The news seems nothing but the war in the Ukraine. Like those of most Americans, my sympathies lie with the Ukraine and its people. There’s no question about where the sympathies of the news media lie, which gives me pause. When the media marches in lockstep on anything, you have to read and watch very carefully.
What makes zero sense to me is for the U.S. government to go begging to Venezuela and Saudi Arabia for help with oil, especially when this country was almost energy independent little more than a year ago. Mark Mills at CityJournal says it’s time, perhaps past time, for energy realism.
Much of the media coverage has focused on Vladimir Putin. No surprise. I’ve seen everything from characterizing him as an ally of America’s religious right to the man being insane and a psychopath. Tim Costello at The Guardian looks at the extreme views about the Russian leader, including how he’s used his Russian Orthodox faith to justify the invasion, while Father Jonathan Tobias at Second Terrace reminds us that what is happening in the Ukraine is not a religious war. Stephen Wigmore at The Critic Magazine writes that Western elites are misleading themselves (and believing their own narratives) when they call Putin a madman.
Farida Rustamova, a Russian journalist who’s had to leave the country, published a report about what Russians themselves, including some members of Parliament, are thinking. Ilya Lozovsky at A Sip of Freedom has the English translation. On the other side, a Ukrainian refugee who left the country six hours before the bombs started falling provides a personal report, “The War from Ivano-Frankivsk.” Seth Lewis, an American expat who lives with his family in Ireland, expresses what many of us are experiencing, as our heads explode when we see the news. Norman Lebrecht, the music columnist at The Critic Magazine in Britain, asks, and answers, the question, “Who is a Ukrainian musician?”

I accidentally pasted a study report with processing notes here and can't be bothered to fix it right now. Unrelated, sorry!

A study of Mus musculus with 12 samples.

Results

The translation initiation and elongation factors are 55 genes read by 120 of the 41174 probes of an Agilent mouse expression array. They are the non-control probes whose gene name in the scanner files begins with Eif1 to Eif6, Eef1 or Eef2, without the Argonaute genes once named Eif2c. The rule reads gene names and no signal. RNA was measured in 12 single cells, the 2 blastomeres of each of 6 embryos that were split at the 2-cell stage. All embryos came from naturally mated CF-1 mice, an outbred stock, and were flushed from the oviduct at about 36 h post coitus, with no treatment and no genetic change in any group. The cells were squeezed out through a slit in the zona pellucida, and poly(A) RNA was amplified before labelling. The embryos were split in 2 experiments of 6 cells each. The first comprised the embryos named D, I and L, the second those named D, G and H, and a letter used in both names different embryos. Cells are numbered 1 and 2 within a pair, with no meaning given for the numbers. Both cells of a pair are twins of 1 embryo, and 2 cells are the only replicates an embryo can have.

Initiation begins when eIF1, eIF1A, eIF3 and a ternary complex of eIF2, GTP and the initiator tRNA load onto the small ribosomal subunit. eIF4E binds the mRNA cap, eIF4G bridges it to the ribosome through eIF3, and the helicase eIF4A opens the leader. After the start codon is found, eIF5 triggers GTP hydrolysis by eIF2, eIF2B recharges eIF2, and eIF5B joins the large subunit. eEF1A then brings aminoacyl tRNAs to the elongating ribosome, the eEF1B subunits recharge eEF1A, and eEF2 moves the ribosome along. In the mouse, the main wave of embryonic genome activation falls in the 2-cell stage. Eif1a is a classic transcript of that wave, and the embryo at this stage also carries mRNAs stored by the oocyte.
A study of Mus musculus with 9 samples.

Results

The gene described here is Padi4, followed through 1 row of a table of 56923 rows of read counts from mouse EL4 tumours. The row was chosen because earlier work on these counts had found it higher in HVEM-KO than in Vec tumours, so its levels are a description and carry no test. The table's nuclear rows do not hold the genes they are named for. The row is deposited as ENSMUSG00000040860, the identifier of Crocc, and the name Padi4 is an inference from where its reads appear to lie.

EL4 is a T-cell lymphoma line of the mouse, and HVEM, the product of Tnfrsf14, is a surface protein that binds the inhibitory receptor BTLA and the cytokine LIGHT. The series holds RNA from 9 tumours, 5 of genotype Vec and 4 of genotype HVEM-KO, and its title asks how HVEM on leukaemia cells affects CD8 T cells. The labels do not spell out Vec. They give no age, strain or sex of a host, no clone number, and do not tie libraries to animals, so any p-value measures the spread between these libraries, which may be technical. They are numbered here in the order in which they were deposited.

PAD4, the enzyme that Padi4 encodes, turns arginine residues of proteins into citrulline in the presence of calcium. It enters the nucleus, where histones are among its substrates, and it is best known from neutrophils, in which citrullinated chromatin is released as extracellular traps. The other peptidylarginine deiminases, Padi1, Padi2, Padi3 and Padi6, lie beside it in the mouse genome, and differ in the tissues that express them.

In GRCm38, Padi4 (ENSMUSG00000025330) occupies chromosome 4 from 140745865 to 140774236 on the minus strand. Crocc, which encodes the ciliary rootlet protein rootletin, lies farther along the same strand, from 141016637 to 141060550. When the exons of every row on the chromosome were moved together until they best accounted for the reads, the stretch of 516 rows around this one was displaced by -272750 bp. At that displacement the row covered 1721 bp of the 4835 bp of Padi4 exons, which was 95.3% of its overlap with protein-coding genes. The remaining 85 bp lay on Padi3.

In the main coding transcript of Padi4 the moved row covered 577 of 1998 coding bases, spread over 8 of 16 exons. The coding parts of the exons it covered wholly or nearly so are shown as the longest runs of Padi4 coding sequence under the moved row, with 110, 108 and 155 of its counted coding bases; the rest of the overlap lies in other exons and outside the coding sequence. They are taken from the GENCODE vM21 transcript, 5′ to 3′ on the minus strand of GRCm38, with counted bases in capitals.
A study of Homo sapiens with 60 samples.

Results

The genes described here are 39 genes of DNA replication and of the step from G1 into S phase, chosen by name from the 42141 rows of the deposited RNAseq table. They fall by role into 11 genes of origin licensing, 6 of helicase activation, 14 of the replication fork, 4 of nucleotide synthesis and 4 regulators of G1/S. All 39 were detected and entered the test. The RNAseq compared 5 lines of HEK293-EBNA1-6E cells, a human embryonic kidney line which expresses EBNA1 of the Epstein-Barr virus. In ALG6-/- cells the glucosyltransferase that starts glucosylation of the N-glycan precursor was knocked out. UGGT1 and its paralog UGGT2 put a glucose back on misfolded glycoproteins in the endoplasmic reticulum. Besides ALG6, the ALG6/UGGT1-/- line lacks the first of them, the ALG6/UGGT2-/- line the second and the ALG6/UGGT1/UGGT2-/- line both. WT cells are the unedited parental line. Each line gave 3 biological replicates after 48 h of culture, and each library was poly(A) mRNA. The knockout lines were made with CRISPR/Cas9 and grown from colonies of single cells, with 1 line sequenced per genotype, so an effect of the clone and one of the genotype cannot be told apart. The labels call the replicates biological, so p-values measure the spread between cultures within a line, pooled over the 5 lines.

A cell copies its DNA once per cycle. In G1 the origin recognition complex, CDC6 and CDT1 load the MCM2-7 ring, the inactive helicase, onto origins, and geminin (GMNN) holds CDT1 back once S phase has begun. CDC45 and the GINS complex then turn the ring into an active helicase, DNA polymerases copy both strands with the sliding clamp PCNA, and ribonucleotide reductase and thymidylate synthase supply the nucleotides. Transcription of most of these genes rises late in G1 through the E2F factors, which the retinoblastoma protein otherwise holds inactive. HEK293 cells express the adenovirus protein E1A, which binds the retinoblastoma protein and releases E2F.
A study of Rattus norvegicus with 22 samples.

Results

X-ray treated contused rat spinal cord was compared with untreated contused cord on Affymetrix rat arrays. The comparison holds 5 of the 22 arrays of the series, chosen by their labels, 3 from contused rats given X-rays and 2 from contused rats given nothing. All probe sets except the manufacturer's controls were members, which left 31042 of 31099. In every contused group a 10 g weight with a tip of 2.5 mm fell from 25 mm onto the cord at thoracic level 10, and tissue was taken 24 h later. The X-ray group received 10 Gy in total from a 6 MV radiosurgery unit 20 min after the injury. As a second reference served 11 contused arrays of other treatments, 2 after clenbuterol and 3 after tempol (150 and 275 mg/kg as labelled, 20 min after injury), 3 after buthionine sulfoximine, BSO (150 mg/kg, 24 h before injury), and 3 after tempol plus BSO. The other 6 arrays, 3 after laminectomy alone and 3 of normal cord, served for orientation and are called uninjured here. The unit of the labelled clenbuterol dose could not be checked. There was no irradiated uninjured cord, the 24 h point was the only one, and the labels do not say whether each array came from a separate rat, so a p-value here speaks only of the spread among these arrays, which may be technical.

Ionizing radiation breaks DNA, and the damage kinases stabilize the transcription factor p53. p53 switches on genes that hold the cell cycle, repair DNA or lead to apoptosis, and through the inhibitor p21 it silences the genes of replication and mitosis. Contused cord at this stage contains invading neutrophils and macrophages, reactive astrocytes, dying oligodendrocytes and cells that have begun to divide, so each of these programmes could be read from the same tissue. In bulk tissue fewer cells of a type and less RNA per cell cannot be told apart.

One development that I believe is an absolute mistake and will come back to haunt the perpetrator (Zuckerberg’s Meta) is Facebook and Instagram temporarily allowing calls for violence against Russians.
I read and watch the news, and I think of my own life. Born during the Cold War and remembering the atomic bomb drills in elementary school. Vietnam and the 1960s. The rise of China. The oil embargo of 1973. Iran and the U.S. Embassy in 1979. The fall of the Berlin Wall in 1989, followed a few years later by the collapse of the Soviet Union, with the First Iraq War in between. And 9/11, Afghanistan, and the Second Iraq War. And now the invasion of the Ukraine. Peter Savodnik at Common Sense says we are witnessing the “dawn of uncivilization.” It may be more a case of witnessing the humanity-old story of our fallen selves and what happens when we think we don’t need God.
Writing and Literature
Stephen Crane’s Lifetime of Mystery – Paul Franz at The Nation.
Dos Passos: The Modernist Path That Wasn’t – Anthony Hennen at Front Porch Republic.
Finding Inspiration in Willa Cather’s Belief in the Necessity of Art – Ladette Randolph at Literary Hub.
George MacDonald’s Fantastic Imagination – Christine Norvell at Story Warren.
Qiu Xiaolong and the Return of the Venerable Judge Dee – Paul French at CrimeReads.
How to Write a Vivid First Line – Edith Wharton at Literary Hub.
The Private or the Public – What’s More Important? – Andrew Bunt at Think Theology.
Is Congregational Singing Dead? – Benjamin Crosby at Plough Quarterly.
Joe Rogan and the Search for Transcendence – Phil Cotnoir at The Gospel Coalition Canada.
Does My Son Know You? Fatherhood, cancer, and what matters most – Jonathan Tjarks at The Ringer.
The Courage to Stay Small – Marilyn Gardner at Communicating Across Boundaries.
This Blue – Jane Greer at Kingdom Poets (D.S. Martin).
Three Poems on Jewish History – Brian Yapko at Society of Classical Poets.
Life and Culture
Table Manners from the 1880s – The Epoch Times.
Ukraine National Anthem: “Ukraine Has Not Yet Perished” – New York Metropolitan Opera, Feb. 18, 2022.
Illustration: Man Reading Newspaper, pen and ink and pencil on paper (1935), Katherine Schmidt (1899-1978); Smithsonian American art Museum.